Security guidelines for PKI-based transactions

For all the infrastructure advantages and business benefits of PKI, recent breaches clearly indicate that the way in which PKI is implemented may not be as inherently secure as most organizations have mistakenly assumed.

What hasn’t been clearly understood is that the private key system used by PKI to encrypt and decrypt messages creates a single and significant point of vulnerability. A recent flurry of breaches involving certificate authorities have exposed this weakness, and have shaken the very foundation of trust that organizations have in PKI.

In order to help enterprises build greater integrity and reliability into their PKI deployments, eliminate unwanted exposure and close security gaps, SafeNet’s cryptographic experts advise the following actions:

Know your options for securing keys, weigh the risks, and choose wisely. All recent breaches have had a common theme – private keys and certificates were protected in software, and were left vulnerable. Software-based security has many benefits – it’s portable and offers great flexibility. Software can be copied easily and live in multiple locations at the same time, making the very benefits of software the areas of greatest security risk.

A hardware-based security module (HSM) creates the trust anchor that locks the private keys and only allows access to vital information from an authorized source. Similarly, hardware based tokens and cards lock the certificates and avoid software based certificate risks.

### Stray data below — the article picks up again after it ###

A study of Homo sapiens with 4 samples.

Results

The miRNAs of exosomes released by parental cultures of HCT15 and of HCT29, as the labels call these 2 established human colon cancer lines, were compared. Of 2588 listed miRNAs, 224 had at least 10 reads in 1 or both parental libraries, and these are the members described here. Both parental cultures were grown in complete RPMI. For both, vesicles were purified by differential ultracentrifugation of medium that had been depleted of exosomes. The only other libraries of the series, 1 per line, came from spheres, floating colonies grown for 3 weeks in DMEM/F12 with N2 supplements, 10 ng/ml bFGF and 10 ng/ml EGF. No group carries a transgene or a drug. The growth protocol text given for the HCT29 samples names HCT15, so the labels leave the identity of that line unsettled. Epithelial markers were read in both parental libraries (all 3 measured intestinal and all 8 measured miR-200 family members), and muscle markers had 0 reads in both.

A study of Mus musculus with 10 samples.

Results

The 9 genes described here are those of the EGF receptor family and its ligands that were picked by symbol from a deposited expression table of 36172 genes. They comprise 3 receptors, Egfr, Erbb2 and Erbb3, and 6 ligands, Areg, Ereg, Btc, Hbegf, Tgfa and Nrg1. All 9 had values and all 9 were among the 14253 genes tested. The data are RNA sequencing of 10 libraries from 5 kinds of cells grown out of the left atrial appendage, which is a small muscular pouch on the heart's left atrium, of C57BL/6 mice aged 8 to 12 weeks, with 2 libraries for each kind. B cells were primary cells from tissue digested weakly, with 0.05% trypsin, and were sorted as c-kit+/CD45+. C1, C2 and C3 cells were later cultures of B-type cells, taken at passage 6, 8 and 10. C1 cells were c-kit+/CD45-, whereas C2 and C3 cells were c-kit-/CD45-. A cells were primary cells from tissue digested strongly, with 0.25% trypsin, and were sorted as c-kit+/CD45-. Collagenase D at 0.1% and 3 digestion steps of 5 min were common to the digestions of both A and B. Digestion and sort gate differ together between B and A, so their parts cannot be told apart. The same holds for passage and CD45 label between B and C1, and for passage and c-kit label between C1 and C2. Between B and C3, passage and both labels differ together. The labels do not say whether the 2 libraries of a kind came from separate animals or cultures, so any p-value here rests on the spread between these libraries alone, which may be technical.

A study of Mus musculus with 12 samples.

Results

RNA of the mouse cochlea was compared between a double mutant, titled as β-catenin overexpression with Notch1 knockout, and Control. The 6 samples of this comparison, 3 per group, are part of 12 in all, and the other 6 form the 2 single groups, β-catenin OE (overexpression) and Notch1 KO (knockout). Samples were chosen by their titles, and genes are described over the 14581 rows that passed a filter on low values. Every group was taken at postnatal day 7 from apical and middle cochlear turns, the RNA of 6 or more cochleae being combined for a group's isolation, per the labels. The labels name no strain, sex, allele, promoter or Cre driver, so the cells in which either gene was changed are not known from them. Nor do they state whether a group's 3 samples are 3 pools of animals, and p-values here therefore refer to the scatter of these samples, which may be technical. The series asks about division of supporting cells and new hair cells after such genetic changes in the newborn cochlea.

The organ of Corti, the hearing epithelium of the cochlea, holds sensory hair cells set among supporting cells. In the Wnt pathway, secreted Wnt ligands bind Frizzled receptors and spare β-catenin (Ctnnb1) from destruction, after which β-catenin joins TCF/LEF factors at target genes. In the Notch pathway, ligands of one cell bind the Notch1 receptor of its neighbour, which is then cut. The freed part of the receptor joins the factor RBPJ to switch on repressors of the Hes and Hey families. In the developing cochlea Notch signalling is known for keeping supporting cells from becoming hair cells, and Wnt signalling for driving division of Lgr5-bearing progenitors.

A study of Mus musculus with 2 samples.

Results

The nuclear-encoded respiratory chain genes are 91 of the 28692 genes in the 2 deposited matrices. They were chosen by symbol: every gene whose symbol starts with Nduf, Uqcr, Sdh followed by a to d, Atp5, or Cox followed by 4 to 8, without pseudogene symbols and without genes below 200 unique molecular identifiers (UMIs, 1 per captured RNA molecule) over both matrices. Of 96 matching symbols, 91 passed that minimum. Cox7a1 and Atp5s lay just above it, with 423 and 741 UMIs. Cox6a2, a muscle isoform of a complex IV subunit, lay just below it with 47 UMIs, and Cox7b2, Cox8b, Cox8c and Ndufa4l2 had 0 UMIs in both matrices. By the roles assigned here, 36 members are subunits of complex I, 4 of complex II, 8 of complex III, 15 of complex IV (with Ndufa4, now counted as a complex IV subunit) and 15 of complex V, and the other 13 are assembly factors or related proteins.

Don’t assume that because you are working with a certificate authority your infrastructure is secure. If you rely on the certificate authority to authenticate, authorize, and secure application services, understand that the certificate itself is the vital piece within PKI.

If the certificate private key is compromised, the entire PKI environment is compromised. Utilize layers of secure cryptography and select hardware-based options when securing your critical processing PKI end points.

Plan for the next generation of critical applications. Traditional PKI end points have historically included certificate authorities, registration authorities, SSL servers, and applications servers. These have now expanded to include mission-critical business processing applications, such as the smart grid, financial transactions, digital invoices, code signing, and secure device manufacturing. The nature of advanced PKI applications demands greater diligence, given the risk profile of the applications it enables.

It is critical to establish a trust anchor for the protection and issuance of keys and certificates within these vital applications, ensuring that keys cannot be stolen, and the operations/transactions performed by those keys are auditable.